As we slide into October, we look forward to the Halloween season. It’s not just a day anymore, because it take a whole month to watch all those horror films, not to mention planning our elaborate costumes, wearing them to parties, and then posting them on social media. Holiday traditions change all the time, but the Victorians celebrated in some weird ways. For example, young ladies of the time were obsessed with their future husbands, so they used Halloween for games that might predict their love life.
One such game involved a woman walking into a dark room, alone, and standing in front of a mirror. As they peeled an apple—try not to ask why that part was crucial—the woman might be able to see the reflection of the person they would someday marry. Alternately, they’d see a skeleton, in which case they’d die alone.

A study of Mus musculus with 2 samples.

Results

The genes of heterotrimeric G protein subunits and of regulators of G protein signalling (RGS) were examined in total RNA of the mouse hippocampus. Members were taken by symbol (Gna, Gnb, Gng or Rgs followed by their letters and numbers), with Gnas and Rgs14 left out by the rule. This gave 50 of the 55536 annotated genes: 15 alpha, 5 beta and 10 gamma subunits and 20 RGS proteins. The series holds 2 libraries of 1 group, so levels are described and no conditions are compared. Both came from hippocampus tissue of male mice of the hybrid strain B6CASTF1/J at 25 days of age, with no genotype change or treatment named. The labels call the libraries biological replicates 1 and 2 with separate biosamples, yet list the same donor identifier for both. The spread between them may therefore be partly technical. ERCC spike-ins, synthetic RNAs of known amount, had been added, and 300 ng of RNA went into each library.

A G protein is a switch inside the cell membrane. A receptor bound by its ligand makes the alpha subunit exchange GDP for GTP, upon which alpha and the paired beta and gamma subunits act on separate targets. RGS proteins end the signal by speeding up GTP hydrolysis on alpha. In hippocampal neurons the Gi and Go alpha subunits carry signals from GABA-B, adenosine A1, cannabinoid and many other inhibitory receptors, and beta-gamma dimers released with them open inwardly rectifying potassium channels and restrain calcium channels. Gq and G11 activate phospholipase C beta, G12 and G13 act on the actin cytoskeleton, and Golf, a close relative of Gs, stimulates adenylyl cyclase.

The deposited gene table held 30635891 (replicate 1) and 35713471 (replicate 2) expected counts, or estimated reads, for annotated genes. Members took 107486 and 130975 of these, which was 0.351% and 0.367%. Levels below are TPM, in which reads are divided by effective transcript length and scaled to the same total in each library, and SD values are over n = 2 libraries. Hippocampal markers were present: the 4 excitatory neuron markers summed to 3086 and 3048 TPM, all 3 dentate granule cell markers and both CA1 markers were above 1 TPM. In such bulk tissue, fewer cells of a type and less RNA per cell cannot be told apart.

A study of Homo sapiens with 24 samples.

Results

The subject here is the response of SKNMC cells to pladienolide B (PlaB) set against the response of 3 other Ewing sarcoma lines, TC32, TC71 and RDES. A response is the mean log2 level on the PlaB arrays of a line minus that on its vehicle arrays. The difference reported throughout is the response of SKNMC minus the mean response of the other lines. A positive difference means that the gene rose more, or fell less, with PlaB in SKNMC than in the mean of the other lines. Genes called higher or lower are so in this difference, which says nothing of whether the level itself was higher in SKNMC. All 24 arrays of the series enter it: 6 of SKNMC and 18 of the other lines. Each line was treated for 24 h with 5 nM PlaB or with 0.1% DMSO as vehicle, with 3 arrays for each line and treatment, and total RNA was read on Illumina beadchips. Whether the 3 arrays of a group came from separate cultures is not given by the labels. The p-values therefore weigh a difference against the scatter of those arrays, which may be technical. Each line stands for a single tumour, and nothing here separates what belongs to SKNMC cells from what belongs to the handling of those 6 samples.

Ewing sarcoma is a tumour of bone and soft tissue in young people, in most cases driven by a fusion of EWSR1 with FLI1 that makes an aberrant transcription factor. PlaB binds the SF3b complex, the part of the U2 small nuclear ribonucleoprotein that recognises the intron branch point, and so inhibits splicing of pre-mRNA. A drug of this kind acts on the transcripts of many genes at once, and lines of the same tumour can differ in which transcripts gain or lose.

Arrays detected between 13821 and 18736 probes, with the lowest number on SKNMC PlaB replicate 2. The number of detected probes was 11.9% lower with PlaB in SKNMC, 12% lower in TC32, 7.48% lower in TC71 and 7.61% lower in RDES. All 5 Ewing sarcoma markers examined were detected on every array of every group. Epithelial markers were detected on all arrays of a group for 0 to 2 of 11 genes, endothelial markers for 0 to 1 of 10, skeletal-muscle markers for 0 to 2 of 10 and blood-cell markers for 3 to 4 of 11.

Another manner of speculation was to bake cakes containing a needle, thimble, dime, or ring. In addition to being an excellent way to choke or injure yourself, the cakes were believed to foretell marriage. A needle or thimble in your slice meant spinsterhood, since you’d apparently have plenty of time to sew; a dime or ring meant good fortune or wedding bells.
Playing games of romance at Halloween may be weird to us, but it’s not any weirder than telling ghost stories at Christmas or trick-or-treating on Thanksgiving, which were both traditions in the past. The Victorians didn’t have horror films, but they had parties, fancy ones with elaborate invitations and decorations, and even costumes of a sort. Read about seven Victorian Halloween traditions that contrast with the way we celebrate the holiday now at Mental Floss.